Why are the actual temperature and the 'feels like' temperature sometimes so different? How do meteorologists know what the temperature will feel like near you? Everyday Einstein explains.

By
Sabrina Stierwalt, PhD
3-minute read
Episode #318
mom and child cooling off in front of fan

Meteorologists talk not only about what the temperature will be outside, but also what that temperature “feels like.” Why are these numbers sometimes so different? How do meteorologists know what the temperature will feel like to you?

Although numeric, temperatures are not universal. Most of us have a sense of what a temperature of 75 degrees Fahrenheit means, but add a brisk wind and you will feel colder. Raise the humidity and the temperature your body experiences feels a lot higher too. Precipitation and cloud cover also play a role in making that 75 degrees a more relative experience. So how are “feels like” temperatures calculated?

What is the heat index?

A simple measure of how a temperature of 85 degrees Fahrenheit, for example, will likely feel different in Houston, Texas versus Los Angeles, California is the heat index. The heat index combines the temperature and a measure of the relative humidity to give a better indication of how hot that temperature will actually feel.

On a hot day, our bodies sweat to cool down. In a low humidity, dry environment, that sweat is quickly evaporated into the air leaving us feeling effectively cooled. In humid locales, the air is already full of moisture and so our sweat evaporates more slowly (or not at all), leaving us feeling hotter.

The heat index combines the temperature and a measure of the relative humidity to give a better indication of how hot that temperature will actually feel.

Cold air can hold less water vapor so as temperatures decrease, eventually a temperature called the dewpoint is reached when the air is too cold to hold anymore moisture. Since water vapor can no longer remain in the air as humidity, it instead begins to condense on surfaces.  The temperature and the dewpoint together give the relative humidity, a measure of how much moisture is in the air relative to how much moisture the air could potentially hold. That relative humidity, combined with the temperature, then determines the heat index or an estimate of how hot the air actually feels.

So 85 degrees at 10% humidity, the temperature feels closer to 79 degrees, but at 90% humidity, it will feel closer to 100 degrees outside.  You can find the heat index in your city without actually doing any math thanks to online heat index calculators like those from the National Weather Service and the The Washington Post.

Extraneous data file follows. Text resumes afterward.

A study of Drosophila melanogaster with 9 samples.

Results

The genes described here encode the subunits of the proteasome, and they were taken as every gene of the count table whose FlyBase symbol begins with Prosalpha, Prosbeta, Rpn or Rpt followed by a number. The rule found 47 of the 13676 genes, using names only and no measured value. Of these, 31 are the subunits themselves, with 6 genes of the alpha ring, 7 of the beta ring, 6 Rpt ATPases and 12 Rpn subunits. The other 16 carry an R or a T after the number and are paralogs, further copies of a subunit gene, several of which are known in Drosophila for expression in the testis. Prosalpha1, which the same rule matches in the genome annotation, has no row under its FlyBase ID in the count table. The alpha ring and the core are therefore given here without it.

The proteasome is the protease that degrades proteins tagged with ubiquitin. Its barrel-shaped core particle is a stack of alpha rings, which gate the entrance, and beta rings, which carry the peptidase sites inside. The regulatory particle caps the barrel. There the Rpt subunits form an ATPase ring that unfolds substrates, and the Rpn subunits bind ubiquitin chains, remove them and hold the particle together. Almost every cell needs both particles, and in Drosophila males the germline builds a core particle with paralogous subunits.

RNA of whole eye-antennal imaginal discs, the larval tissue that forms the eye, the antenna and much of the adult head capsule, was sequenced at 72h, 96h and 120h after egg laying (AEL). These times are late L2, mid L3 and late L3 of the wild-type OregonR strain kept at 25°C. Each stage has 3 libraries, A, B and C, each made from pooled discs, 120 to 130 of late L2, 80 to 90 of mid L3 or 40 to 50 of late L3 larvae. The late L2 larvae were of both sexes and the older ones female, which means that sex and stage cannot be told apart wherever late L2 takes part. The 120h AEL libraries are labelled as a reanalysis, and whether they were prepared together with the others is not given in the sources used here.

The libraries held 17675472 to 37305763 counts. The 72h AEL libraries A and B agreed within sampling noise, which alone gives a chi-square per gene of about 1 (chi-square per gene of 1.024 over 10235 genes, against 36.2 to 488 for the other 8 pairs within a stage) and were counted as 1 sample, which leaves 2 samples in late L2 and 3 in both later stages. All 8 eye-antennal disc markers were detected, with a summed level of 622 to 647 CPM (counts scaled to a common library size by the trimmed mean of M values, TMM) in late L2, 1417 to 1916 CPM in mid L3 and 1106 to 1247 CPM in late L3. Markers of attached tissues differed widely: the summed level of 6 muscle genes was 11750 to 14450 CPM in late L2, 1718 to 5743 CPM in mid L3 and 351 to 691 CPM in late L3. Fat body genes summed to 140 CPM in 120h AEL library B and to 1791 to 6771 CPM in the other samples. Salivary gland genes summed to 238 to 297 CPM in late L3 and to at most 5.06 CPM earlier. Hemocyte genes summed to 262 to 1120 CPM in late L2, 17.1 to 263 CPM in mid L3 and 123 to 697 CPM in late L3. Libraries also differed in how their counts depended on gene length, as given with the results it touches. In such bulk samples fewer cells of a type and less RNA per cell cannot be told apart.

What is the windchill factor?

On the other end of the temperature spectrum is the windchill factor. Wind can cause sweat from our bodies to evaporate faster and can carry heat away from us quickly to make us feel colder.  Thus, for example, a temperature of 75 degrees can feel more like 65 degrees with windspeeds of 60 miles per hour.

How do you estimate a "feels like" temperature?

When a weather service makes a prediction about what a temperature will feel like, they typically include these basic measurements of the heat index and the windchill factor. A more complex estimate comes from the metric established in the 1990s and patented by Accuweather called the RealFeel Temperature. Their model includes heat index and windchill, but also other weather factors like cloud cover or UV index, sun intensity, visibility, and ground cover. They further incorporate expected heat transfer rates across an average sized human body with an average metabolism. And they assume the person is dressed appropriately for the weather.

Ultimately, “feels like” temperatures are an effort at understanding and quantifying the human response to temperature, a relationship with multiple complicating factors.

Ultimately, “feels like” temperatures are an effort at understanding and quantifying the human response to temperature, a relationship with multiple complicating factors. For starters, I can sit in a conference room in a scarf and sweater while my colleague next to me is comfortable in his t-shirt. Some of this difference comes down to our varying metabolisms—how fast we burn calories to produce heat and how fast that heat is dissipated over the surface area of our bodies. Our bodies may prefer different temperatures as well, like when a person is said to “run hot” or “run cold.”

So while there is still much estimation involved in determining “feels like” temperatures, they do a pretty good job of preparing us for what the weather has in store. And as we heard from meteorologist Morgan Miller in an earlier episode, local weather forecasters usually know what estimates work best for their region and can combine that knowledge with their personal experience to give you the best “feels like” estimate.

About the Author

Sabrina Stierwalt, PhD

Dr Sabrina Stierwalt earned a Ph.D. in Astronomy & Astrophysics from Cornell University and is now a Professor of Physics at Occidental College.